24 September, 2009

The Reader (2008)

Between the lies

Official Selection List, European Film Awards 2009

Objectively assessing a film that’s drawn from Bernhard Schlink’s book about how reading changes lives, for good and ill? An interesting situation.

Given the theme of The Reader, and the frequency with which cinema been cited as a medium that is so different from print as to make comparisons invidious (but, as everyone knows, it’s the points on which they cross that make both art forms what they are), director Stephen Daldry’s well-used filmic mode of flashback to assess the emotional distance between a Germany barely a decade past the Second World War, and a society living in an almost universal sense of disillusionment and in many cases ignorance, is a fascinating device.

What the film in fact shows is not just the Holocaust, and its myriad of well-documented victims, but rather how they are memorialized by the passing of time.

Fifteen-year-old Michael Berg (a younger Ralph Fiennes, very well played by the determinedly boyish David Kross) collapses, sickly and pain-stricken, from a trolley into the pouring rain of a cold afternoon. Here, he (and we) first encounter Hanna Schmitz (Kate Winslet), a 35-year-old tram attendant, played with dignified solemnity by the Oscar and BAFTA-winning star.

Hanna takes Berg in and nurses him back to health – the pair become lovers, with Berg becoming a man via Hanna’s sexual maturity and Hanna coming to know true love, as well as becoming obsessed with Michael reading to her – anything from Ulysses to Lady Chatterley's Lover to Tintin (she had good taste for Belgian literature, obviously). The affair is not just about sex, but the act of reading too – it ends abruptly when Hanna vanishes from Michael’s life. Flash forward eight years – Michael, now a law student, finds Hanna again, but now on trial for war crimes. Michael’s lost feelings of love are twisted as he asks if he can still love the woman who is now cast as a Nazi monster. But, as we are to discover, secrets held on both sides are to prove pivotal, and destructive…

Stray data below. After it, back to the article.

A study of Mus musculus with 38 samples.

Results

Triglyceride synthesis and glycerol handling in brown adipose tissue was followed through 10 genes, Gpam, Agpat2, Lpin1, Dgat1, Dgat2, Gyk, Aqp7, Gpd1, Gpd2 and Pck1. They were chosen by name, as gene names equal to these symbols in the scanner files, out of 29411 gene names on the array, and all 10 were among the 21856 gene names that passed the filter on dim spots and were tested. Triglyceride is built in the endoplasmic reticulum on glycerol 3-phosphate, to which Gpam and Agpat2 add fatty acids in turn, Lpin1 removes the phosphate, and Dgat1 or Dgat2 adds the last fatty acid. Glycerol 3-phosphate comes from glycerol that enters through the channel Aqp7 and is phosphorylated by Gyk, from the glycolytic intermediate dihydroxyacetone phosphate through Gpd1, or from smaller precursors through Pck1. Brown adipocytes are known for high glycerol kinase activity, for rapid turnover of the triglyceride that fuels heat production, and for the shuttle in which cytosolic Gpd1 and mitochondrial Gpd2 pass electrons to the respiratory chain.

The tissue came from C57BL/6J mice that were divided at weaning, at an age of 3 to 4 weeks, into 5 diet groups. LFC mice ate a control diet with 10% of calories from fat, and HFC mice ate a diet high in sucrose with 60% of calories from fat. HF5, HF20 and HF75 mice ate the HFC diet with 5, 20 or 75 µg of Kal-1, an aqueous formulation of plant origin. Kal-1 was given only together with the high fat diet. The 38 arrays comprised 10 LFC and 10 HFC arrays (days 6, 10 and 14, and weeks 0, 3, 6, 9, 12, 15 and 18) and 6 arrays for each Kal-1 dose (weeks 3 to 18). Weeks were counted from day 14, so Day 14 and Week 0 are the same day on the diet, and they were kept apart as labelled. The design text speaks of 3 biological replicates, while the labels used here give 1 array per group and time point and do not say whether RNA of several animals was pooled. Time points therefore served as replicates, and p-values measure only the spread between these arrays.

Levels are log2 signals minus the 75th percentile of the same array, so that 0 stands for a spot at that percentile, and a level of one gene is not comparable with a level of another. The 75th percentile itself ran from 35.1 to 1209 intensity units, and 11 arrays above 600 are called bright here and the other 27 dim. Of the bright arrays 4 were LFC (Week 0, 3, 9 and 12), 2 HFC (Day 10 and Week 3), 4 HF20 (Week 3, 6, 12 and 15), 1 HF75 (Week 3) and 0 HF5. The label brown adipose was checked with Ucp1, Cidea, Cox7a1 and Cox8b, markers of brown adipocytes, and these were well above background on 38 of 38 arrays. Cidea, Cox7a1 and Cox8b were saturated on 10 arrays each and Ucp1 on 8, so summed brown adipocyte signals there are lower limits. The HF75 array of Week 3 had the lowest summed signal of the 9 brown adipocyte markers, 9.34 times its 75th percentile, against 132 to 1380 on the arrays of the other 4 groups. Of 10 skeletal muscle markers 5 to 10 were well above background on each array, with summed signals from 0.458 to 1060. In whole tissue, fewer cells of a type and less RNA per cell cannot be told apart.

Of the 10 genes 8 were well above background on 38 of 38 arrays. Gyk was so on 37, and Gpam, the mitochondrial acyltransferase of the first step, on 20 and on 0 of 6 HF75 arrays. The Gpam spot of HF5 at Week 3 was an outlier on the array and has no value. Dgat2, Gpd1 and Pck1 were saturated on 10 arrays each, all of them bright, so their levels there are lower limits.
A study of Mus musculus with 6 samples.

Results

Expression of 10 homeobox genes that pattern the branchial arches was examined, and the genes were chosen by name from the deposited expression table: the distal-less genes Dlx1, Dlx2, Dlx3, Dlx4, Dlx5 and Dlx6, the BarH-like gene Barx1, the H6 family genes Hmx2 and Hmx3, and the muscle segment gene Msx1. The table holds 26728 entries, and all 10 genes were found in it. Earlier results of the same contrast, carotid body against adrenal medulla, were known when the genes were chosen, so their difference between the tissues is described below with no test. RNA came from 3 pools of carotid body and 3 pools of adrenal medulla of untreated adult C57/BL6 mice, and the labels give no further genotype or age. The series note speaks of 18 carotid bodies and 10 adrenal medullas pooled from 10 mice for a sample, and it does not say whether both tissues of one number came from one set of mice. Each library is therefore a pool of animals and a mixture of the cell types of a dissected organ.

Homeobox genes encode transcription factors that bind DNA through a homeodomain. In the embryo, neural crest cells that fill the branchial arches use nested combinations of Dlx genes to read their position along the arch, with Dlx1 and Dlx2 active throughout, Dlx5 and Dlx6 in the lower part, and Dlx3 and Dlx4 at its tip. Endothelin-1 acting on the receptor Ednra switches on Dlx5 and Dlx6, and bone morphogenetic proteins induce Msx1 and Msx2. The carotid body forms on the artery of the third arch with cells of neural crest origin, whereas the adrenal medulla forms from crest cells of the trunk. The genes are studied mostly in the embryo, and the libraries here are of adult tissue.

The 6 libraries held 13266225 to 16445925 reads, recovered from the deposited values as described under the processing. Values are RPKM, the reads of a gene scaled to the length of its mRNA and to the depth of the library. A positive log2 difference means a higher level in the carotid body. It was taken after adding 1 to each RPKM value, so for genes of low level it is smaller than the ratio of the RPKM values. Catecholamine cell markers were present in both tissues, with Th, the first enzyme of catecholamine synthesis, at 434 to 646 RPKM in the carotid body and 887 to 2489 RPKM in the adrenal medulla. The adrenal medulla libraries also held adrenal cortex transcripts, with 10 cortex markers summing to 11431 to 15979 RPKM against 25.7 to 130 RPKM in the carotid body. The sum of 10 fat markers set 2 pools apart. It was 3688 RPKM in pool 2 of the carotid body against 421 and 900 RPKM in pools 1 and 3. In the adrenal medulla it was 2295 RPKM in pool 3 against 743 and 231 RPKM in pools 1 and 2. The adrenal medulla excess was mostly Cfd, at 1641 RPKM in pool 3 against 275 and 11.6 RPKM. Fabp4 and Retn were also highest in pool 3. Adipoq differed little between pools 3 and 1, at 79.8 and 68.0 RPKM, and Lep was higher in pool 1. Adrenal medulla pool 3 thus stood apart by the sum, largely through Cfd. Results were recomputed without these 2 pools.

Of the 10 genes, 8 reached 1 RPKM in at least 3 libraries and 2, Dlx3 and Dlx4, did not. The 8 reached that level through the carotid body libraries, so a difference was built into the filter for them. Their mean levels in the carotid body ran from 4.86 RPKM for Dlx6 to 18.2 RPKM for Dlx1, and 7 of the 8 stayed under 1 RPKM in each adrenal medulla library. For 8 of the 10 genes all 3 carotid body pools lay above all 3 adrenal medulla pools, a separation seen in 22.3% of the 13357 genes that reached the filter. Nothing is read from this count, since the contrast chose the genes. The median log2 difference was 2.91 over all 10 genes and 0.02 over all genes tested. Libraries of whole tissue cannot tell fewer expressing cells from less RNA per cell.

Daldry’s film has been vilified for its rather sympathetic view of an unrepentant Nazi war criminal who, even in old age, shows no remorse. However, where it actually succeeds, is to give a human face to ‘evil’ – the main thrust of The Reader is not so much what Hannah did in her past, or why she did it, but how a generation of people could sit back and watch it happen, how they could allow such atrocities to take place. A point for all nationalities to consider, for all time.

Awards: Click here for details.

124mins. In English, German and Greek.